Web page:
Holden, Metro Council members travel to Kansas City to study streetcar line
A delegation of city leaders, including Mayor Kip Holden, six members of the Metro Council and Baton Rouge Area Foundation President and CEO John Davies, are back today after a whirlwind trip to Kansas City, Missouri, earlier this week to learn about that city’s new streetcar line.
KC Streetcar, which runs for 2.2 miles through downtown Kansas City, launched roughly three weeks ago. But already the area surrounding the streetcar line has experienced an economic development boom, with $1.6 billion in new construction projects either completed, underway or announced since planning for the project began in 2014.
“We learned a lot about the tram system and how it has spawned development in their downtown,” says Chief Administrative Officer William Daniel, who also went on the trip. “Property values have increased tremendously, it has been a boon for their city and it has attracted new businesses.”
The mini-canvass trip comes as consultants for the city-parish are completing an environmental assessment on a proposed three-mile modern-style streetcar on Nicholson Drive that will link LSU with downtown Baton Rouge.
The city-parish organized the trip at the suggestion of its consultants on the project, HNTB, which also worked on the KC Streetcar and has its home offices in that city.
“We wanted the mayor and the council members to see a real life project and the impact it can have,” says Bryan Jones, strategic planning leader for HNTB.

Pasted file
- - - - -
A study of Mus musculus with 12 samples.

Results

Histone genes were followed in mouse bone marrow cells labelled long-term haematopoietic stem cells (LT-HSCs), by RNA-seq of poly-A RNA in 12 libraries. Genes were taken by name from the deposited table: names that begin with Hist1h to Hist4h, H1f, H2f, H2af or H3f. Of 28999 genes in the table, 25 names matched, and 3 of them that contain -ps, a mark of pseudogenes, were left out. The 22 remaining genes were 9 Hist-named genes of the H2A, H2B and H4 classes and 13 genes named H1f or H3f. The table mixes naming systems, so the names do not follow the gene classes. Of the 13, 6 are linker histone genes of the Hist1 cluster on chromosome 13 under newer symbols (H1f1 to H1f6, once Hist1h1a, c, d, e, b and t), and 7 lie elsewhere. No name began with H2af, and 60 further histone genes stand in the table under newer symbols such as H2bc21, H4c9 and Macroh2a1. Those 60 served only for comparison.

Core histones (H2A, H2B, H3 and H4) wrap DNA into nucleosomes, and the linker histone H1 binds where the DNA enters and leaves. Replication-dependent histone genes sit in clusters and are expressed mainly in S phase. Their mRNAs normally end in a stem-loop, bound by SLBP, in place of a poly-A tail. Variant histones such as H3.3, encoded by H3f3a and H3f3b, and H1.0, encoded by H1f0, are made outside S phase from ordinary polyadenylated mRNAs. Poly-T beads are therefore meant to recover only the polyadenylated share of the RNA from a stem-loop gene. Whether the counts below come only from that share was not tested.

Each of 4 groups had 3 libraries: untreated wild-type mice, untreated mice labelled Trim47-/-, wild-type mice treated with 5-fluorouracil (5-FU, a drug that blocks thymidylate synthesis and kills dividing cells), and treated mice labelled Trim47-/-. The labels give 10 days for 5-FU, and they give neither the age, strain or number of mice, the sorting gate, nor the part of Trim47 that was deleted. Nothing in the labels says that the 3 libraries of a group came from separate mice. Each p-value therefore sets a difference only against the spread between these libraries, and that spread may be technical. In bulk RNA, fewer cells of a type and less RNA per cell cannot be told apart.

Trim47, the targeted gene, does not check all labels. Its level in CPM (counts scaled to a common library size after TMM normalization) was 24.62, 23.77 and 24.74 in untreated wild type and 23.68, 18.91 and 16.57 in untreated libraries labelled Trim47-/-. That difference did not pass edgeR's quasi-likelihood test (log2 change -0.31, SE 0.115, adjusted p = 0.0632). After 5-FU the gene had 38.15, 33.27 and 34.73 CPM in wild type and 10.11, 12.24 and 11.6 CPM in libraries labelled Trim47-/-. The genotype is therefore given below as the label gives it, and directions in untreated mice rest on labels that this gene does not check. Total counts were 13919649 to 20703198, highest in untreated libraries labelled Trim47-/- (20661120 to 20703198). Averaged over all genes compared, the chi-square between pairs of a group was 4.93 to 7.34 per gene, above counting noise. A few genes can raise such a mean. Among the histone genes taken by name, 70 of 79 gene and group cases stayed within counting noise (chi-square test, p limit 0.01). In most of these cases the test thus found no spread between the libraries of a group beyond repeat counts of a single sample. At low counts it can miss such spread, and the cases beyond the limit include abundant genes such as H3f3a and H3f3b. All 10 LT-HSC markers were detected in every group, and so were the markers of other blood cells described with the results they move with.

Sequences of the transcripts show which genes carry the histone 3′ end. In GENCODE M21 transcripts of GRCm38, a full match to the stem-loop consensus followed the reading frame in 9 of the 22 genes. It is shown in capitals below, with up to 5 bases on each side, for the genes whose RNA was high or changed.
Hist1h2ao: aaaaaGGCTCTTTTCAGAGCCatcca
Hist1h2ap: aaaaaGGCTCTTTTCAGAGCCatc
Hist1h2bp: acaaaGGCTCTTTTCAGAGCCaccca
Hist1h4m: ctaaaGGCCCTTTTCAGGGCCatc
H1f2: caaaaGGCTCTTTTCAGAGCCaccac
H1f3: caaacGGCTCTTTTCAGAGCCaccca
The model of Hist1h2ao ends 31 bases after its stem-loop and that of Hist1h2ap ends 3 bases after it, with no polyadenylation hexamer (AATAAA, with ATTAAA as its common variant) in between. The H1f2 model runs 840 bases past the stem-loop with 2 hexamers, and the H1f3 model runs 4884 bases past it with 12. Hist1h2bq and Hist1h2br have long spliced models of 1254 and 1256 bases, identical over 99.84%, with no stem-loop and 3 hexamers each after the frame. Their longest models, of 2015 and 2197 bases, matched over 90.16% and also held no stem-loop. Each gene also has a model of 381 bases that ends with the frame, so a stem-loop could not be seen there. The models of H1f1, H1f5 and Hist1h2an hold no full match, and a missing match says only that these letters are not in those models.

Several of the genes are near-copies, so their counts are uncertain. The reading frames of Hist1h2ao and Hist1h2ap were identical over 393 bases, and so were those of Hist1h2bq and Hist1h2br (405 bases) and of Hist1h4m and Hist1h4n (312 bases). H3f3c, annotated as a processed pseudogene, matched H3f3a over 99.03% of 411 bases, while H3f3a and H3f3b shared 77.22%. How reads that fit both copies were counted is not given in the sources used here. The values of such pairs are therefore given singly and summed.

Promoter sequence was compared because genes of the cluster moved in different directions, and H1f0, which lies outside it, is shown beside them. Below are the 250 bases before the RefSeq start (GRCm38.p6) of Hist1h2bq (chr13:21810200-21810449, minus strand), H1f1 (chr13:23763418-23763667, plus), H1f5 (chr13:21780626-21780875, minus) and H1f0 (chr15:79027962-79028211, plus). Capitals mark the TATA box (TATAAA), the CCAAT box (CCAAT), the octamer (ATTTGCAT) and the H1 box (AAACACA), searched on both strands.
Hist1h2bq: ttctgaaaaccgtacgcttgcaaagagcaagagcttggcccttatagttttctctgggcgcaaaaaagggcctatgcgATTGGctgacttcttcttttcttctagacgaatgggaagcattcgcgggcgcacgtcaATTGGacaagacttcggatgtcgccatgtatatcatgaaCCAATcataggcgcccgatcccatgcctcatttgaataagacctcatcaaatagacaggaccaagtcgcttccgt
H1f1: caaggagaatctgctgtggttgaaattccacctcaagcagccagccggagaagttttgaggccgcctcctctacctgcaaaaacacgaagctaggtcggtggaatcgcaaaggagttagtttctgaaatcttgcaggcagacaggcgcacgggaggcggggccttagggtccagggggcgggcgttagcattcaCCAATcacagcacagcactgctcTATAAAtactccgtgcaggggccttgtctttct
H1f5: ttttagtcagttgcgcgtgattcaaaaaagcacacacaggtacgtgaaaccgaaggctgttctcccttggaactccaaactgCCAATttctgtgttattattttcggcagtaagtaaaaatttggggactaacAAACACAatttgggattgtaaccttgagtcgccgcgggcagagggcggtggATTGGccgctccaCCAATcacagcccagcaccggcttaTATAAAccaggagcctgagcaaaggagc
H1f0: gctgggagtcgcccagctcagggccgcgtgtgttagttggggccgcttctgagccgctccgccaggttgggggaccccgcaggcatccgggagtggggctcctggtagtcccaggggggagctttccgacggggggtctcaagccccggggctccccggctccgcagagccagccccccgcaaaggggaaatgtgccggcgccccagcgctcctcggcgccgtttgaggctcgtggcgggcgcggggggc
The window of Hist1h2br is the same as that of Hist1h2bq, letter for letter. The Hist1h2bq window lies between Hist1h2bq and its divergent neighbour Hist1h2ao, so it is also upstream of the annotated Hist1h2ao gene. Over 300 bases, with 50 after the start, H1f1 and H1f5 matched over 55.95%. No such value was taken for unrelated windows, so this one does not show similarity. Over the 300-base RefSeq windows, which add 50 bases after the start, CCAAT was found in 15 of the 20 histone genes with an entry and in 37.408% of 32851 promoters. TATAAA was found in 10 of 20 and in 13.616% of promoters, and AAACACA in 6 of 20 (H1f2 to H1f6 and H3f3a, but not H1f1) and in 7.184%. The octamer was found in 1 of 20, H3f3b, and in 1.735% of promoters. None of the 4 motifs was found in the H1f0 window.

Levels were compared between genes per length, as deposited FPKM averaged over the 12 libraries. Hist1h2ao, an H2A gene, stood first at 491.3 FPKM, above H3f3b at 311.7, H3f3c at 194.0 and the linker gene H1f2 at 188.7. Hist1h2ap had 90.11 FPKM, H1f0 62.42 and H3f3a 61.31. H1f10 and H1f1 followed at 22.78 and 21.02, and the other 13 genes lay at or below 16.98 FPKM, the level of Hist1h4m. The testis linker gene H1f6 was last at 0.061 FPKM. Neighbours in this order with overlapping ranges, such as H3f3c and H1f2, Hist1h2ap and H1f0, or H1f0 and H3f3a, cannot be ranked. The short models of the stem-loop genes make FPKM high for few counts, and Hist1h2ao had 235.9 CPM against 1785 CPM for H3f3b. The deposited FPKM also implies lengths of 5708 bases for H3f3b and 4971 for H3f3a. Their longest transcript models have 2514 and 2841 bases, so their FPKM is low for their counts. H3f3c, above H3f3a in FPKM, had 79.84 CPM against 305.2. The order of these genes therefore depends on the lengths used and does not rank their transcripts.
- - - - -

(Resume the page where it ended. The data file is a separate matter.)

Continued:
Besides the positive economic impact, local leaders learned about the various ways of funding the big-ticket project. The KC Streetcar cost a total of $102 million to build, which, at $25.3 million per mile of track, is in keeping with other recent streetcar projects around the country.
The estimated price tag for the proposed TramLinkBR is somewhere in the neighborhood of $150 million, which would come from a variety of federal, state and local funding sources.
The city-parish has already received $3 million in federal TIGER grant funds for the planning of the streetcar and has applied for another $25 million in TIGER funds. Later this summer, it will also ask for an allocation in the president’s transportation budget. Before that can happen, however, the environmental assessment phase of the project, currently underway, must be completed.
Daniel says the city-parish is working on a funding plan but is not yet ready to announce it publicly.
“I want to meet with the council members on it first,” he says.
Councilwoman Tara Wicker was among the six who took the trip and says she is enthusiastic about its potential.
“It was a real insightful trip,” she says. “We we were able to ride on the streetcar and visit the operation center. It was very informational and gave us ideas about what could happen here if the right partners and the right funding came together.”